Photography By Steve Rainwater 2012 CC BY-SA 2.0

The Dallas Personal Robotics Group

Years before their call for a maker community in North Texas, there was the Dallas Personal Robotics Group (DPRG). The first meeting of the DPRG took place at the Heathkit Electronics Center, 2715 Ross Ave., Dallas, TX on Saturday, June 16, 1984. The DPRG continued to operate for the next 8 years as a typical club, without a permanent location. It hosted meetings at various locations including Science Place, adjacent to the State Fair Grounds, and Bill J. Priest Institute of El Centro College.


Thanks to the late Mike Dodson, the DPRG had access to a warehouse in Garland from 2002 through 2009. He allowed the DPRG to use one of his warehouses for almost a decade, putting up with all their geeky shenanigans. After Mike retired, the building changed hands, and the DPRG began meeting at locations including public libraries and XMax Games. Their solution was to call for a maker community in North Texas to build a "makerspace" using a well-established community hackerspace model. This new makerspace, which later become the independently managed Dallas Makerspace, was to become the DPRG's new home by agreement of all parties, including its co-founders Mark Havens and Peter Smith.

The Maker Movement

Making is a relatively new term for one of the oldest traits of human society—creating something (be it a new tool, food, language, art, platform, or expression of social commentary) and then sharing that creation with others. Making isn't unique to any one group or culture, and it's predominated throughout all of history. Dale Dougherty, the founder of Make Magazine and Maker Faire, coined the term "making" as a way to describe the Do-It-Yourself spirit that drives so much innovation and exploration here in the United States. "Making" is a phrase derived from old English for fitting (machian) and matching. Following Chaos Champ in Europe, a separate group of people from the United States, including Mitch Altman, explored the idea of bringing hackerspaces to their home regions in the States. Researchers at MIT, such as Neil Gershenfeld, also started an outreach project to spread the work they had been doing with rapid prototypingthe class How to Make (Almost) Anythingcalling them Fab Labs. Throughout the decade that followed, all of these efforts combined with the passion of thousands more individuals to create hundreds of spaces, events, and organizations dedicated to fostering communities of all shapes and sizes throughout the entire countryon top of the rich tapestry of making happening in cultures, communities, neighborhoods, and households across the country that may or may not use the term "maker".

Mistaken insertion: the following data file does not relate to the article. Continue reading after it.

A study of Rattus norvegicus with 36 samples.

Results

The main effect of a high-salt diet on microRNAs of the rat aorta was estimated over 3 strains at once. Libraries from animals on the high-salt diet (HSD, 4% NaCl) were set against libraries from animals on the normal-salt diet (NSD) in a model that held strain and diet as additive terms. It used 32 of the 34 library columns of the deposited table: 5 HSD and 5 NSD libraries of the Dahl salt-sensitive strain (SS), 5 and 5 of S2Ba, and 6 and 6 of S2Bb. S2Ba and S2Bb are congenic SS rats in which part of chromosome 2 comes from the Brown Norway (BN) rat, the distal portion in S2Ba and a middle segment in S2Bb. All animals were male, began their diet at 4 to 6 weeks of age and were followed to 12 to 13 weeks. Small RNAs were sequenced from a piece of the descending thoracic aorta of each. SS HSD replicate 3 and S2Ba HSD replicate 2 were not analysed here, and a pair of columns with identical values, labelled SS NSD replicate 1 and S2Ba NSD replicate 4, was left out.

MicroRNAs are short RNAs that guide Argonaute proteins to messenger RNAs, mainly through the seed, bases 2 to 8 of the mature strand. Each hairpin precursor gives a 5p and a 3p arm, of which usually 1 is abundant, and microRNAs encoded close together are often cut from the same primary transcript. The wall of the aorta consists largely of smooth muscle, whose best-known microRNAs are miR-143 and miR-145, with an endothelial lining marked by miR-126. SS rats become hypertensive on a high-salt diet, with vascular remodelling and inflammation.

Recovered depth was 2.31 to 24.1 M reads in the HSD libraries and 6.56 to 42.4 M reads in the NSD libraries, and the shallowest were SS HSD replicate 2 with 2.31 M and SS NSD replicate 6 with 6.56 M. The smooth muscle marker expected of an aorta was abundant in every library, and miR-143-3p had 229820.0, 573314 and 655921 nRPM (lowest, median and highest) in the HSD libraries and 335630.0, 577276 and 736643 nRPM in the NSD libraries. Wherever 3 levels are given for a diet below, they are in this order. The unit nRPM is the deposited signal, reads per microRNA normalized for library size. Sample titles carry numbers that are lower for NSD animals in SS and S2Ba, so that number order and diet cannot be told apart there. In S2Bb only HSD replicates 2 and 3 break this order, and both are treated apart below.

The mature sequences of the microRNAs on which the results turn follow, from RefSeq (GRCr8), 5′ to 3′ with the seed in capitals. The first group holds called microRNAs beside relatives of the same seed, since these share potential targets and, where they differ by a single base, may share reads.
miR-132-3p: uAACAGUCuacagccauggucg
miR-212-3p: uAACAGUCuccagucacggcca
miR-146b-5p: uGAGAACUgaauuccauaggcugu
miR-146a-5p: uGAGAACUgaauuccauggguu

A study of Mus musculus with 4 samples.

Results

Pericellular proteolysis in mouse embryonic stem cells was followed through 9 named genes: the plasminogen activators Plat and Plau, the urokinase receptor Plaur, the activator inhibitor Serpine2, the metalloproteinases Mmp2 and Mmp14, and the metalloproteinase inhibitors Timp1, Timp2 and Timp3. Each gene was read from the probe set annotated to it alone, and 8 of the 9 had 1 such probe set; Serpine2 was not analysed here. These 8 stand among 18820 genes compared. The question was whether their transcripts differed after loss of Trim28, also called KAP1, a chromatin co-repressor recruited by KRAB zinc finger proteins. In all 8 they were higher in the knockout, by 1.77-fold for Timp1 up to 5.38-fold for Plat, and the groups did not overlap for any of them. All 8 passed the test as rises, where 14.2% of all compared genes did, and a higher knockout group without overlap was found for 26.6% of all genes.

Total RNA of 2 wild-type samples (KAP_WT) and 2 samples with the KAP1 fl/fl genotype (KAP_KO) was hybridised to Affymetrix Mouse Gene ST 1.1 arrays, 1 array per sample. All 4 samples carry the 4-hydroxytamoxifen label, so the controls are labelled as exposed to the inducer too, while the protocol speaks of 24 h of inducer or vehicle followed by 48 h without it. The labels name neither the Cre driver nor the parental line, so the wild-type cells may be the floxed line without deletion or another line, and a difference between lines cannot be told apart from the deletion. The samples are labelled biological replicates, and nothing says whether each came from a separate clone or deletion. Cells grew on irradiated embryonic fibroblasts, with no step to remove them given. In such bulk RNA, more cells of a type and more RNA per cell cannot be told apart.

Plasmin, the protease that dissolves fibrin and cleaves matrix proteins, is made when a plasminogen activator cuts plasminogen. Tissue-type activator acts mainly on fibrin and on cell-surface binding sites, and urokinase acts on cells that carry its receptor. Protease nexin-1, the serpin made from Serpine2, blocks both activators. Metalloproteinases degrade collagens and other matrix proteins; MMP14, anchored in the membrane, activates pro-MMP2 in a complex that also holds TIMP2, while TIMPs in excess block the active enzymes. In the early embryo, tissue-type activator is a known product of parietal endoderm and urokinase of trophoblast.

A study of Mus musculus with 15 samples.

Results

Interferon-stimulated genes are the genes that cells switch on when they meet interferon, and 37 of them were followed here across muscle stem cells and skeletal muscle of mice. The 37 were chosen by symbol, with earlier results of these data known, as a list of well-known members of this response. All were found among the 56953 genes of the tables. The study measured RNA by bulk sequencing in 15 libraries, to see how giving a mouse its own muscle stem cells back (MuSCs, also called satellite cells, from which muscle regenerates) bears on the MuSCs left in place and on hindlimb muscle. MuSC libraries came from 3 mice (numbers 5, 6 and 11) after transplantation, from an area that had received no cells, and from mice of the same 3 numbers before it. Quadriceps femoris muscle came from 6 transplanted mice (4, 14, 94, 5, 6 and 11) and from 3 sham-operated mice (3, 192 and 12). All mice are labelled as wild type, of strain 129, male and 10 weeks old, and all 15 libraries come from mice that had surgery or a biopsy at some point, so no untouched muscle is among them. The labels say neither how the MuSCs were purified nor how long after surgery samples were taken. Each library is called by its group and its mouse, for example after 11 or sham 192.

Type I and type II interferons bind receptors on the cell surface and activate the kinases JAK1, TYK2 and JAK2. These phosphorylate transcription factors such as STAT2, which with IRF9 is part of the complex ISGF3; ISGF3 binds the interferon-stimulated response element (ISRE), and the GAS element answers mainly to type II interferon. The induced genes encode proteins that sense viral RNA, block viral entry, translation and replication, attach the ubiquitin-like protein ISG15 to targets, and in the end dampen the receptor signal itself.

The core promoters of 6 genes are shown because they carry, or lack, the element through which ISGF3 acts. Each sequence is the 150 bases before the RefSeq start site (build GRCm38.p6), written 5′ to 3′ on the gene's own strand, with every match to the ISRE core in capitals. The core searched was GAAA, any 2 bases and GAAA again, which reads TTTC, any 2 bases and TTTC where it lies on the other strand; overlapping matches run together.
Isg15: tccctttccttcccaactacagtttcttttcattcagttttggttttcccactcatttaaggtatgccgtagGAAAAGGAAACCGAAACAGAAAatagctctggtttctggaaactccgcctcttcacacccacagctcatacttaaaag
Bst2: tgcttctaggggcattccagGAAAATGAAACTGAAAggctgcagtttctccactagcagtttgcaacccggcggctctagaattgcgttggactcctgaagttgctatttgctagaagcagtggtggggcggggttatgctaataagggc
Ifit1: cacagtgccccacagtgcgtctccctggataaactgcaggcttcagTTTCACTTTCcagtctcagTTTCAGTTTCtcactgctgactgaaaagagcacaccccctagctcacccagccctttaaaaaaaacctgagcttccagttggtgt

The Dallas Maker Community

In January of 2020, after the Dallas Personal Robotics Group (DPRG) initiated a community call to build a new makerspace, The Dallas Maker Community (DMC) was eventually formed as an unincorporated nonprofit association by Mark Havens to establish the first self-managing makerspace in North Texas. Bootstrapped from an independent informal association that began the creation process of Dallas Makerspace (DMS) in February of 2010, many associated with the Dallas Maker Community soon became founding members of Dallas Makerspace. During the startup phase and beyond, others joined the community. Soon, the Dallas Maker Community became seemingly synonymous with the membership of Dallas Makerspace. This intermingled relationship persisted from DMC's beginning in 2010 until the beginning of its dithered separation from DMS in 2019, marked by an unsuccessful defamation lawsuit.


On April 13, 2020, During the onset of COVID-19, DMC/DMS founder, Mark Havens began the Dallas Maker Community Facebook Group and its companion page in order to establish the DMC as an organization independent of other makerspaces in North Texas. In contrast to the declining inclusivity of DMS culture during the preceding years, establishing the DMC as independent was an effort to better establish core principles of cultivating a culture of collaboration, openness, and freedom that would encourage innovation of other maker interests throughout North Texas, independent of the divergent values of DMS by its elected leadership during that time.


In 2022, once the pandemic lockdowns began to subside and people began to emerge from their homes, the DMC adapted to the newly emerging needs of the post-pandemic maker community. Beginning strictly with regional civic makerspaces, such as makerspaces found in North Texas libraries, it was decided that the DMC should begin to focus on marketing to the public a wide range of maker interests in order to help promote and drive foot traffic to struggling post-pandemic makerspaces.

Photography by Steve Rainwater 2015 CC BY-SA 2.0

Dallas Makerspace

Beginning early in 2010, DMS co-founders Mark Havens and Peter Smith of the newly formed Dallas Maker Community (DMC) along with DMS co-founders Ed Paradis and Steve Rainwater of the Dallas Personal Robotics Group (DPRG) began to work together in order to bring a new collaborative community workshop to North Texas. Ed and Steve reached out to their local community to pitch the idea in order to help the DPRG host their meetings and events. Recognizing that the DPRG was in short supply of people to lead and help fund the initiative, the partnership moved forward with the Dallas Maker Community led by Mark and Peter so that the two groups could more easily collaborate, design, and build what would later become Dallas Makerspace, the first organization of its kind in North Texas.